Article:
The last 18 months have been rough. I suspect a lot of people would agree with me there. The internet is heavily implicated in this current slurry of horrors. So those of us who thought the internet was a neat idea and who have devoted our professional lives to making more of it have been feeling the conflict pretty keenly. It is suddenly apparent that throwing a lot of money and engineers and dopamine and tribalism together in a bucket to see what grows, grows exactly the sort of hypertrophic monsters easily influenced by enemy powers that dystopian sci fi warned us about all along. The hubris of “Design can change the world!” where design means creating software for connected devices, has collapsed into the regret of “Design can change the world.”
Everyone forgets the internet began as a military project. But then, so did frozen orange juice concentrate.
I’ve learned the best way to deal with being overwhelmed by the worst of human behavior amplified and interconnected at scale is to run basic errands in my neighborhood. When I shut my laptop, I find myself in a creaky 1884 Victorian house separated from a green swath of dog park by a hectic little street on the cross-town bike route known as The Wiggle. The only sign that we are in a 21st century technological dystopia is the occasional bro on a Boosted board flying by among the bikes.
I buy my groceries at the same family-run grocery store I’ve shopped at forever. It persists in view of both a Safeway, which I avoid except for extreme 6am coffee deficit circumstances and a Whole Foods, that I visit with guilt, infrequently, for specific fake meats and one variety of amazing bread. And I spent the day there taking refuge in the air-conditioned cafe area when San Francisco was 106°.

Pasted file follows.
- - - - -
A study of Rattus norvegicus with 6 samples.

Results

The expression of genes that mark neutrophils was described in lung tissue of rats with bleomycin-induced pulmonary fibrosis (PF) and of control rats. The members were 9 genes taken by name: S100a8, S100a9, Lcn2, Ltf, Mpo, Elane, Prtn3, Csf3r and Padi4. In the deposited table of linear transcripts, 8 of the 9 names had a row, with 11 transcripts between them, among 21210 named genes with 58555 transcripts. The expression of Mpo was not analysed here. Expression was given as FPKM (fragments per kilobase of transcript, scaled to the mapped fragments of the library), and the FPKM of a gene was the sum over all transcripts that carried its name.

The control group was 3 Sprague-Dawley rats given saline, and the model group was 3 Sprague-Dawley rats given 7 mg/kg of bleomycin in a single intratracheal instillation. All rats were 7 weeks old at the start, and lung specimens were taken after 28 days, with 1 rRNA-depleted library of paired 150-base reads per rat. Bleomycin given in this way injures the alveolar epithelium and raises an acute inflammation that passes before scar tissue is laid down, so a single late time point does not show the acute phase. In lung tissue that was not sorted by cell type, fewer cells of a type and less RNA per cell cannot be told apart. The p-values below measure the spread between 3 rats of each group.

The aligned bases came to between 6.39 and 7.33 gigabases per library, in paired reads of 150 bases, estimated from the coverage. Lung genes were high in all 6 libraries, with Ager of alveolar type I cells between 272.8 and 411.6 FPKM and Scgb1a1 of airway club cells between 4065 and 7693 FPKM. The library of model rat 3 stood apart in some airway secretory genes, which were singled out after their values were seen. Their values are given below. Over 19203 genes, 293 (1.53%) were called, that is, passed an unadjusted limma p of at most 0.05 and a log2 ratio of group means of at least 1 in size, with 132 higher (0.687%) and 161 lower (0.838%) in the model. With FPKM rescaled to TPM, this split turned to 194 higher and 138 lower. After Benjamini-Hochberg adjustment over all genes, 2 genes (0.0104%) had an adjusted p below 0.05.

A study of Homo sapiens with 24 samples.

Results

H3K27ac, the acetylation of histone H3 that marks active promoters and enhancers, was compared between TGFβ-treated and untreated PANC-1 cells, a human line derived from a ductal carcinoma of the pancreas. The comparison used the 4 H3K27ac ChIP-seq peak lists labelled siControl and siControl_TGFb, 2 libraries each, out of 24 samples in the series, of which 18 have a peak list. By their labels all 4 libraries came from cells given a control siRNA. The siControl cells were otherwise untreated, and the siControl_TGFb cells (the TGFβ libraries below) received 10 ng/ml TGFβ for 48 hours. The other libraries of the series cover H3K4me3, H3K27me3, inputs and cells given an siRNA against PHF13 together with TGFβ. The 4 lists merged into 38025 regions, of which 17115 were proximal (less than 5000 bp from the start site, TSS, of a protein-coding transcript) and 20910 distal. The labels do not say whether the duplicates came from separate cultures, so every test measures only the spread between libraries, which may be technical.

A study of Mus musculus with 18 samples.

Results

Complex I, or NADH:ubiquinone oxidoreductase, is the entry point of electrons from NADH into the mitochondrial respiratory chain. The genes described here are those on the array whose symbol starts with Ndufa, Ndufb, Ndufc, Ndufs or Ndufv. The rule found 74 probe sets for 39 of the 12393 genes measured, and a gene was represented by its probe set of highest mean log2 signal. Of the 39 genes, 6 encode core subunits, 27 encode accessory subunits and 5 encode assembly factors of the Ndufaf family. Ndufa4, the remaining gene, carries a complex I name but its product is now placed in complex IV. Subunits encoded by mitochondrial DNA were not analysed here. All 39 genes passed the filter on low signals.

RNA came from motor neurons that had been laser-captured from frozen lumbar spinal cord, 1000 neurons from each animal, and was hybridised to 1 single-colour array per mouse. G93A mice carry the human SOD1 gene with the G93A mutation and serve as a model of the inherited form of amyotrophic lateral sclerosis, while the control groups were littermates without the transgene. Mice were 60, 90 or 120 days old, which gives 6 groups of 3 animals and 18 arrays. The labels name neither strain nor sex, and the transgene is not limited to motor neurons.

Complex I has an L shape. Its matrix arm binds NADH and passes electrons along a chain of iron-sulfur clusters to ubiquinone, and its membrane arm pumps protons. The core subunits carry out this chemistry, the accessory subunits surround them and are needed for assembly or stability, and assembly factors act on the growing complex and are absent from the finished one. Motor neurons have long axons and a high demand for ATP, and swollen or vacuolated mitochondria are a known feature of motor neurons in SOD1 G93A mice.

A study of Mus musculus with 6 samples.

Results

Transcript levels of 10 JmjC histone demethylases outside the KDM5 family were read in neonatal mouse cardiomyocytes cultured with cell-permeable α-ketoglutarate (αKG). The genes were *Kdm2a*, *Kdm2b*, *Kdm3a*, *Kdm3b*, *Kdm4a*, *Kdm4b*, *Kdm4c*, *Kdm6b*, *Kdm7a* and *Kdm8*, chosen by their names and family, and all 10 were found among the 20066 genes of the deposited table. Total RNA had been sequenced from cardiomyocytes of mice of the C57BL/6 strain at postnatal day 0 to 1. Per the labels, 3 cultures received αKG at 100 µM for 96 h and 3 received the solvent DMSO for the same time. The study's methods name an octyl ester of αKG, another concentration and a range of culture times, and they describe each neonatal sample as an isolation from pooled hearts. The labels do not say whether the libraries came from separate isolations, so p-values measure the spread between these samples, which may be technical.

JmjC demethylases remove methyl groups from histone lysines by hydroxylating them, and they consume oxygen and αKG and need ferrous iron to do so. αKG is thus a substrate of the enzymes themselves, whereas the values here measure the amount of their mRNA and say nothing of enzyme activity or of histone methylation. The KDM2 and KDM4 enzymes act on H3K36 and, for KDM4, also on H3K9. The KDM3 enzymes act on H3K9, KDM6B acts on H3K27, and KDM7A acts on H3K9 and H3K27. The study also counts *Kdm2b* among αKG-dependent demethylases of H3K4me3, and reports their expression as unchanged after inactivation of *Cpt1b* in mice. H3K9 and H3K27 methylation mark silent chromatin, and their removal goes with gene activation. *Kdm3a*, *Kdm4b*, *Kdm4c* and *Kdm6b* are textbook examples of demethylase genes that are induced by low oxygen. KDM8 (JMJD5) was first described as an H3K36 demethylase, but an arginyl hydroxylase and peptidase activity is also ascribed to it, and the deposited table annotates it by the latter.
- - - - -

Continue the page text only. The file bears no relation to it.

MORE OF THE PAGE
The people who run Golden Natural Foods know me. They ask about my dog. They tell me what my husband has been buying while I was out of town. The entire store is about the size of the Safeway deli department, yet seems to have one of everything. This makes it very clear that 9/10 of any major supermarket is corn syrup and questionable flower arrangements.
When things get too weird and terrible in the collective consciousness, it’s very grounding to unplug and take a short walk to buy a cauliflower from a neighbor. This is a human-scale transaction. I know the people, I know the terms of the exchange. We both benefit. And I know that the act of buying a cauliflower will not result in cruciferous vegetables following me to my Instagram.
There is a hardware store on the corner with a TARDIS-like basement, good for paint, minor plumbing repairs, and picture-hangers. And next to that, up until recently, was a dry cleaner called Snowbright Launderette.
Visiting the dry cleaner was my favorite errand. The manager achieved that rare form of extreme retail friendliness that feels genuine. Always a smile. Always an enthusiastic inquiry about the day. I could redeem any blah Saturday afternoon by dropping off sweaters or picking up dresses. He not only had a treat ready for my dog, but he stocked several varieties to ensure that every spoiled picky pet found something to its liking.
A couple of months ago, the neighborhood Facebook group reported that Snowbright was shutting down due to a dispute with the landlord, investors on the other coast, not members of the local community. This was a business that had been in the same place since 1963. A blow to the neighborhood.
Sure I could use an app. There’s an app to summon semi-anonymous gofers for laundry, meals, groceries, weed. Any sufficiently advanced technology is indistinguishable from isolation. But what would I gain? What is any of us doing with the extra time the convenience supposedly spares? It’s just one less excuse for human interaction and one more gaping hole on the ground level. So many choices and so few options, especially for the people who can’t afford the luxury of a remote controlled digital life. The city is crashing.
The loss of the friendly dry cleaner hit me harder than the book store, the coffee shop, and the local bar that folded within the last year. With a little digging around I found the manager on Facebook and sent him a note to thank him for his service. He replied. With all that closure, at least I got mine.